May 072011

I ended up lagging behind on Iron Man and Wolverine. Not because I thought they sucked or anything. They just got lost in the shuffle like a lot of series I watch end up doing. But this past weekend I intentionally blew through the remaining episodes I hadn’t seen.

The short of it: I liked both, but Wolverine was a good bit better than Iron Man.

Also, I’m totally reusing the pic from the last post I made about these two series. Go-Go Slacker Pic Reuse!

The main thing that threw off Iron Man was the way the middle of the series kinda floundered. It fell into the “monster of the week” formula, which is a formula I actually like, but the series didn’t quite pull it off since said monsters were either generic robots that didn’t really add much tension to the series (The space spider robot was kinda neat, but that was about it.), or the “monsters” were one-off peeps loosely related to the Zodiac plot (Really? Did they need to insert in a little school girl? And her reason for being in the series was idiotic. She so should have died to spare us from the sappiness.). So Iron Man’s MotWness didn’t pan out all that well.

When it finally came back around to the main plot, things picked back up. What’s weird is that the finale ended up playing out like a remake of Gasaraki. Gasaraki’s one of the better post-Evangelion mecha series. It had two main plots running concurrently, one of which was your typical post-Eva mysticism and the other (the one that Iron Man mirrors) dealt with pro-Imperial Japanese radicals attempting a coup d’etat.

Their plot is relatively neat. They wanna frame Tony Stark for all of the Zodiac nonsense, and once he’s taken the fall they would launch their hostile takeover of Japan. not unlike Gasaraki’s plot that involved turning the US into an enemy by waging economic warfare, Iron Man also goes down the “screw over the US to rekindle a militaristic Japan” route. Kinda interesting that an anime intended for US audiences boils down to the main villain wanting to wage war on the US. Make of that what you will.

It all cumulates in a fairly decent final battle that ends with a few somewhat shocking deaths. Stark’s Japanese counterpart bites it while facing off with the head of Zodiac. That wasn’t too shocking, since he fulfilled the required noble death these sorts of series need to add levity to the situation. What was a bit more shocking was the death of the woman running Stark’s Japanese Arc system. She was also his would-be lover, and that’s probably what did her in. Stark obviously had some feelings for her, so if she lived she’d be a potential romantic thorn in Stark’s side for potential (re: very unlikely) sequel. They can’t have that sort of baggage laying about, especially when it’d ruin Stark’s sexual tension with Pepper and the like. So yeah, she died because she made Stark’s love life far too normal and complete.

Given how comic books have a tendency to screw over female characters, that’s pretty damn appropriate. Pretty damn sexist, but thematically appropriate.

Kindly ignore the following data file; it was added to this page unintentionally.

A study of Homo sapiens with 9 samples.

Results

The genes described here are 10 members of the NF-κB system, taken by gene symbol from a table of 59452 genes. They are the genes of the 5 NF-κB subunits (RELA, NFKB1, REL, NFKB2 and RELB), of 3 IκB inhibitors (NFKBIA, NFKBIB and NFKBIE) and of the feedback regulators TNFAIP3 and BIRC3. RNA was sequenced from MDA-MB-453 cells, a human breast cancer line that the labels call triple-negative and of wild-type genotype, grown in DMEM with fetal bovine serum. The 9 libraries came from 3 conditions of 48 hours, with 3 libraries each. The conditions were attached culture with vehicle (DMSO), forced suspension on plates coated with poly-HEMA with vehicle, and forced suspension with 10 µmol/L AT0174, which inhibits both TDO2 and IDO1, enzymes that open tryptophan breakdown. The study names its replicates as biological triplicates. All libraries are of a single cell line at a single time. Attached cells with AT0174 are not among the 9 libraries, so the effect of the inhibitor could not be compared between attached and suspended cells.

Wolverine was a hell of a lot more consistent. While Iron Man floundered about in the middle, Wolverine took after its namesake and barreled ahead regardless of logic or reason. Every episode literally pushed Wolverine closer to his goal: rescuing Mariko. It was like your classic fairy tale or Super Mario game, right down to the “princess” being held in a castle-like skyscraper awaiting a forced wedding with the major villain. For that single-minded dedication to the plot (what little of it was there), I gotta give Wolverine props.

The main thing that pissed me off about the series is that we never got to see Sabretooth. They found a way to wedge in Omega Red, a character created after the man who wrote the original Mariko storyline left X-Men, so why couldn’t they toss in Sabretooth after they teased us with him in the end credits? But that’s the only thing I didn’t like about the series.

(Fun Fact: Omega Red debuted in X-Men #4 (That being the second X-Men series that started up in the early 90′s, not Uncanny X-Men, which has been around since the 60′s.). The dude that wrote the Mariko storyline for Wolverine’s original miniseries (And the dude that had written X-Men since the mid-70′s.) left the series with X-Men #3. So he’s literally the first thing to come along after the era that this series harkens back to.)

And despite the alterations made to the overall storyline (Madripoor had nothing to do with the original story, AIM wasn’t there, etc etc.), it all managed to keep the spirit of Wolverine intact. If anything, the ending managed to be more Wolverinish than much of what’s happened to him since. Rather than dragging out the storyline and having Mariko take on the mantle of her father, she gets the prerequisite tragic death. Wolverine is able to whisk her away from her imposed betrothed (Topped off with a scene straight out of The Gradutae, just replace Hoffman with Logan.), only to have her die when her betrothed attempts one final parting shot.

Couple this with several other deaths (tragic or otherwise) that cap off the series and you get your required level of pathos needed for an X-Men related story. X-Men is the original super powered soap opera, and ending the series with Wolverine shouting to the heavens as Mariko dies in his arms is about as X-Menish as you get. And since we’ll likely never get a sequel considering the reception these Marvel anime series have received, we won’t get a sequel that’ll allow them to get all Jean Grey on her and bring her back from the dead.

So yeah, I really dug Wolverine for it’s focused single-mindedness. It’s all about trying to save that princess while slicing up anyone that gets in the way.